Almost everyone fails, including kids and pro football franchises. Students flunk a test or a class. Athletes get cut from teams. Teams have 3-13 seasons.
What is most important about failing is what you do after you fail. Because if you don’t make some important changes, chances are good that you will fail again.
So it seems to me that the Redskins, just like a kid who has flunked a class, have to do at least three things if they want to get better.
The Redskins are not anywhere close to being a playoff team in the National Football League. Washington played seven games this season against teams that made the NFL playoffs. The team’s record in those seven games was 1-6. The Redskins lost the six games by an average of almost 19 points.
So it’s surprising when the team’s general manager, Bruce Allen, says there is a “nucleus for success” on the team. Other people describe certain players as talented. The truth is that the Redskins have three or four players — Trent Williams, Pierre Garcon, Alfred Morris and maybe Ryan Kerrigan — who are above-average NFL starters.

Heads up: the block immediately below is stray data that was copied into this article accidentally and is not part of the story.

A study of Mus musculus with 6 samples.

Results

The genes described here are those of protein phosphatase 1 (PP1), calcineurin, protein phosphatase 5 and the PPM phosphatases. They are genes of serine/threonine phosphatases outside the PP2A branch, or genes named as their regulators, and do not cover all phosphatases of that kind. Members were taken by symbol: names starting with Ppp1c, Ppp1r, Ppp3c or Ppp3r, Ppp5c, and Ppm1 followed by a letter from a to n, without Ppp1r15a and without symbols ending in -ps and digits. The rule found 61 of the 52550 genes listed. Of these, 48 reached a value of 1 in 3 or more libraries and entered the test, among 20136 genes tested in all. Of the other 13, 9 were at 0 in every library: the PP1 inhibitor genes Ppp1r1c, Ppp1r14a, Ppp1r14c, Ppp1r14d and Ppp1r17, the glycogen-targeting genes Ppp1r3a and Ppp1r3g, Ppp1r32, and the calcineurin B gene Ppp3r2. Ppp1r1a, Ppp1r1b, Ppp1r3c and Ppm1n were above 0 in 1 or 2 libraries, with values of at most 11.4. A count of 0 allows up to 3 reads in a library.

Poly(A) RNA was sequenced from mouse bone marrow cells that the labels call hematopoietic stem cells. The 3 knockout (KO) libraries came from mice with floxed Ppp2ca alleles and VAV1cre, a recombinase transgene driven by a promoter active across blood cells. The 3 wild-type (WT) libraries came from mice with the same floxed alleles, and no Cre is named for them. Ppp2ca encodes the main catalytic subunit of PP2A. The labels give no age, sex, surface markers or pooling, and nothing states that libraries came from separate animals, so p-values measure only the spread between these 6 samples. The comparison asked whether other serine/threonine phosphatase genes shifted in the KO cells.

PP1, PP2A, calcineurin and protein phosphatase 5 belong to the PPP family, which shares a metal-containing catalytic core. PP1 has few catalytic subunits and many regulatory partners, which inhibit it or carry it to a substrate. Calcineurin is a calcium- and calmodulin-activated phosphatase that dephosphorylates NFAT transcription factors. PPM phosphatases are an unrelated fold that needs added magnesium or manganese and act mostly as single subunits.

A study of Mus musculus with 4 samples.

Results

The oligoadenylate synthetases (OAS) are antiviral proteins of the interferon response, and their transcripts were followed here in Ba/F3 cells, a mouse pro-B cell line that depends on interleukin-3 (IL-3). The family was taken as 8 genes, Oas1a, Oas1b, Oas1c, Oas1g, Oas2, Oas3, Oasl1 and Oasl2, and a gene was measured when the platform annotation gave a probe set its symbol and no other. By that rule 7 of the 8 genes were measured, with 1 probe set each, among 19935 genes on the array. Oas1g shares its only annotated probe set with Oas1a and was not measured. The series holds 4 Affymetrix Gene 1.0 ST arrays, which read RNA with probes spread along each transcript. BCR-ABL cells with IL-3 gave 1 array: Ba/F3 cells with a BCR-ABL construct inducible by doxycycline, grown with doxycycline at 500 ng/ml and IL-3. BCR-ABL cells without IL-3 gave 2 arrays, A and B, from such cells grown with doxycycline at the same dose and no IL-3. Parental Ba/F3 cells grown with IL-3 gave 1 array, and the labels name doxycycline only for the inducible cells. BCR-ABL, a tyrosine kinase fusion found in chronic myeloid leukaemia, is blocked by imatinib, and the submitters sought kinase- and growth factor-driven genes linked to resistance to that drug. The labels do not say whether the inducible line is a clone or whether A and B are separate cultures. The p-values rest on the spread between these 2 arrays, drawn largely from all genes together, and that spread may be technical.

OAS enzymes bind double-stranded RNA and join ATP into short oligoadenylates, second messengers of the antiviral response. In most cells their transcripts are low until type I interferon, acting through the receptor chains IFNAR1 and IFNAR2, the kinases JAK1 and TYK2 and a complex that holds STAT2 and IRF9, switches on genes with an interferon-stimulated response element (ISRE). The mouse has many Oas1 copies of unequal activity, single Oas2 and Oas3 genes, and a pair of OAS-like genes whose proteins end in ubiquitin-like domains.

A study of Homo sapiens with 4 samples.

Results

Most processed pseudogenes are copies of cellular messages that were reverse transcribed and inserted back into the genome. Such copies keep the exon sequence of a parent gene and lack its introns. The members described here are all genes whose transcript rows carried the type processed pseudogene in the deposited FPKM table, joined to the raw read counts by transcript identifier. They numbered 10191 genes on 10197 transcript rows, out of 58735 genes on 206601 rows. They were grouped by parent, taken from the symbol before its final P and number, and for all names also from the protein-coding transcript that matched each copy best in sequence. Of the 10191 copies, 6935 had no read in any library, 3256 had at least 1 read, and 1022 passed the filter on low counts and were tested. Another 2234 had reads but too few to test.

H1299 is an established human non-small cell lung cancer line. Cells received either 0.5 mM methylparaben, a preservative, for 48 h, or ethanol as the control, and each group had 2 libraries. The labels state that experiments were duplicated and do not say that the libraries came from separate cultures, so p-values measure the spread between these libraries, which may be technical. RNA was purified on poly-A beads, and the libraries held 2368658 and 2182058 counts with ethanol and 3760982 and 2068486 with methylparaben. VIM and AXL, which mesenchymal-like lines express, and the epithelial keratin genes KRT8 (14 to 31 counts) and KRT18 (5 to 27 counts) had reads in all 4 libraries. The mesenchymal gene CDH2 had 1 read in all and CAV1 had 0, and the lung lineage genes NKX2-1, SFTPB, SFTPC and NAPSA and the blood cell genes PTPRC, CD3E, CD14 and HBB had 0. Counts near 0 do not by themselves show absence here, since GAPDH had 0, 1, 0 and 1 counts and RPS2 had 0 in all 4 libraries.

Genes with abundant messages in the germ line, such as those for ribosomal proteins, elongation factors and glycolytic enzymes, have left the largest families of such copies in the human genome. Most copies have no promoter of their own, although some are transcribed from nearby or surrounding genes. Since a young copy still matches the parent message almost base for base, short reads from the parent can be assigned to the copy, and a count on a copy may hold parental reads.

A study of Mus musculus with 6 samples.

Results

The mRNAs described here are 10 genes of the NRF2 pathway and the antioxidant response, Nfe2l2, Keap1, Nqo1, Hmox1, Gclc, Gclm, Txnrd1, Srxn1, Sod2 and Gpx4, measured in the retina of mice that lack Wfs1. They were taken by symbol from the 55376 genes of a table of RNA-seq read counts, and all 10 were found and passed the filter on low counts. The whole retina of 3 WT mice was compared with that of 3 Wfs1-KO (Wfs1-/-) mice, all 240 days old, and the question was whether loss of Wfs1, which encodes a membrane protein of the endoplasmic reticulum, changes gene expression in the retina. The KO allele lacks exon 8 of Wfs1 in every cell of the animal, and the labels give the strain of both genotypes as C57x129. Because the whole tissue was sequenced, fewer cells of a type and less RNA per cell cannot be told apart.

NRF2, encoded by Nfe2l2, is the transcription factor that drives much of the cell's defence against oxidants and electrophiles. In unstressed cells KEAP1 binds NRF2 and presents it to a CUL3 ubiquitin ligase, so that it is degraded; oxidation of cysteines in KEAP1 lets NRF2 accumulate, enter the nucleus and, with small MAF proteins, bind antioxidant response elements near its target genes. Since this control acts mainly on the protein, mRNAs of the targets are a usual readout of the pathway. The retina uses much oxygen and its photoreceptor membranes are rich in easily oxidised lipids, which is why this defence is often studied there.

The Redskins have a long way to go. It won’t help to think that the team is better than it is.
The way Washington has done things during the past 10 to 15 years — paying lots of money to big-name players, trading draft picks and treating average players like superstars — has not worked.
Instead of bragging about their Super Bowl championships — the Redskins have won that title three times, but their most recent such victory was way back in 1992 — and how they are a “flagship franchise” in the NFL, the team should study franchises that have been consistent winners over the past 15 years. Teams such as the New England Patriots, Seattle Seahawks and, right up the road, the Baltimore Ravens. The Redskins could learn a lot from those teams.
A poor student does not become an A-plus student overnight. It takes a plan and the willingness to work long and hard to get better.
It’s the same with the Washington football team. Chances are that the Redskins will not suddenly become a Super Bowl team. They must get better on the offensive line, on special teams and all across the defense. They need to find better receivers to help Garcon. And quarterback Robert Griffin III has to improve as a passer and a leader.
It won’t be easy. But no one ever said starting over after failing is easy.
Bowen writes the sports opinion column for KidsPost. He is also the author of 19 sports books for kids. His latest book is “Perfect Game.”